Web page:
Maximiliano Maza <firstname.lastname@example.org>
As a teenager I had already heard about Emilio Fernandez and Gabriel Figueroa, that together created the masterpieces of the Mexican cinema. They were legend. But for a long time seeing their films remained wishful thinking . Only later when it became possible to buy films through the internet that I decided to buy one of Emilio Fernandez's films. My informations were that his most creative period run, more or less, from 1943 to 1950 and "Rio Escondido" was one of his important films and was being offered for a cheap price. So I bought it and I had great expectations.
I was disappointed! Why? There are so many good things to say about the film! The cinematography is gorgeous, like other reviews already pointed out - the use of the arid landscape, the sky and clouds filling the screen. People and landscape, faces of peasants in close-up, scenes of crowds in grief and anger - the individual, the collective and nature, the silent witness. Somehow it feels like a Rivera's painting transposed into a cosmic frame.
The plot is also interesting: a teacher, Rosaura (Maria Felix) is called by the president. He gives her a mission - to go to a small village called Rio Escondido and teach the children the alphabet, history etc and prepare them to be the citizens of a new Mexico. When after a long travel she arrives in Rio Escondido she will have to fight many obstacles, and the principal one is the big landowner that practically owns the town. There will be a titanic fight with an ending worthy of Greek drama.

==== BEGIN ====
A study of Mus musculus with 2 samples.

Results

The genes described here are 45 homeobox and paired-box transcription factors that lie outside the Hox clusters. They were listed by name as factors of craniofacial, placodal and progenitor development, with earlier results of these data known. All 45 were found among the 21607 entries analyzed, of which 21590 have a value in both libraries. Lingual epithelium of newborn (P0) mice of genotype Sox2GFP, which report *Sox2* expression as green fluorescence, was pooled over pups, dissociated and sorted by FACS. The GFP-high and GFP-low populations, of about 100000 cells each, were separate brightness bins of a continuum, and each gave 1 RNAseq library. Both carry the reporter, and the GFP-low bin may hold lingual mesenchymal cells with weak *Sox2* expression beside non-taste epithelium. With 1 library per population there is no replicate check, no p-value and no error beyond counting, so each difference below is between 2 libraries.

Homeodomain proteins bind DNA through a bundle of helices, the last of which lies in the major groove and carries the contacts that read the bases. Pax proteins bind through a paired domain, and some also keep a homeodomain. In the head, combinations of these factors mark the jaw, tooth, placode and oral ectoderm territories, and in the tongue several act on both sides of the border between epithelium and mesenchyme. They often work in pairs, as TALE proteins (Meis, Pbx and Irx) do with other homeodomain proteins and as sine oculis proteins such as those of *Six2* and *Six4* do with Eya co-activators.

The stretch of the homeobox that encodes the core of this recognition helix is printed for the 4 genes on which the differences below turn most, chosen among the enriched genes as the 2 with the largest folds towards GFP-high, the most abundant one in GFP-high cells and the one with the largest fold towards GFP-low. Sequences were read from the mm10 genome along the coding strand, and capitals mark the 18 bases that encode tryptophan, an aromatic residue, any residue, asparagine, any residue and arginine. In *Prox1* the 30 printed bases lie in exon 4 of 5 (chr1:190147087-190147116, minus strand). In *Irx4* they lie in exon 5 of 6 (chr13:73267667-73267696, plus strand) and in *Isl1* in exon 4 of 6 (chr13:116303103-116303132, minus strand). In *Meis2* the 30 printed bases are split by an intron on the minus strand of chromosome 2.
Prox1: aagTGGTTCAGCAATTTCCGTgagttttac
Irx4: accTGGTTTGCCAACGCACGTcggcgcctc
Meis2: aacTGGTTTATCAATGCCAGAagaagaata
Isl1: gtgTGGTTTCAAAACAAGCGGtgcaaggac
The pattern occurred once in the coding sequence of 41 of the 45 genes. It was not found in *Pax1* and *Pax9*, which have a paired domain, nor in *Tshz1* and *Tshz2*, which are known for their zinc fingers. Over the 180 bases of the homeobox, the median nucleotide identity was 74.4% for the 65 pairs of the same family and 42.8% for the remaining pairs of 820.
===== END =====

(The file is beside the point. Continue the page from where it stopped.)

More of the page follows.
This was a time when the heroic years of the Mexican Revolution were still fresh in the minds of the Mexican people. The political party in power was officially a revolutionary one and, in fact, that was its name: Partido Revolucionario Institucional (PRI) and idealism, in spite of all, was still present in many people outside and inside the government. This film was clearly conceived as a propaganda piece, and there lies the rub. A propaganda film (and I mean propaganda not in a derogatory way) can be excellent ("Ivan, the Terrible" can vouch for that) as long as it is emotionally sincere and artistically accomplished. Well, I can say that "Rio Escondido" succeeded in these two levels.
But I think that "Rio Escondido" failed in its portrayal of the teacher Rosaura, the character around whom all the action revolves. She is portrayed as a saint (one could call her Saint Rosaura) who is invested by God, I mean the President of Mexico (who is not shown in the film - we can only see his shadow, or his grizzled head seen from the back of the chair) - his solemn voice tells Saint Rosaura what her mission will be: To Fight Ignorance and Evil. Saint Rosaura, bathed in tears of emotion, leaves for Rio Escondido to fulfill her mission. She is portrayed in such a saintly way that she loses her human traits - no traces of humor or human insecurity. When she speaks she seems to be delivering political speeches. And the worst of it is that it is not even funny. She's so virtuous that she becomes a bore. You need to have flesh & blood characters with whom you can, in some way, identify, someone who is human, who has made mistakes (even Petro Infante himself in "Nosotros los pobres" is a womanizer and has his failures), like the rest of us poor sinners. But Rosaura Salazar is a perfect human being and the film loses much of its punch as a result.
"Rio Escondido" is a film to see just for its extraordinary visual beauty. If you want to see it, turn off the sound and put some music of your choice on. I give seven stars because of the visual treat.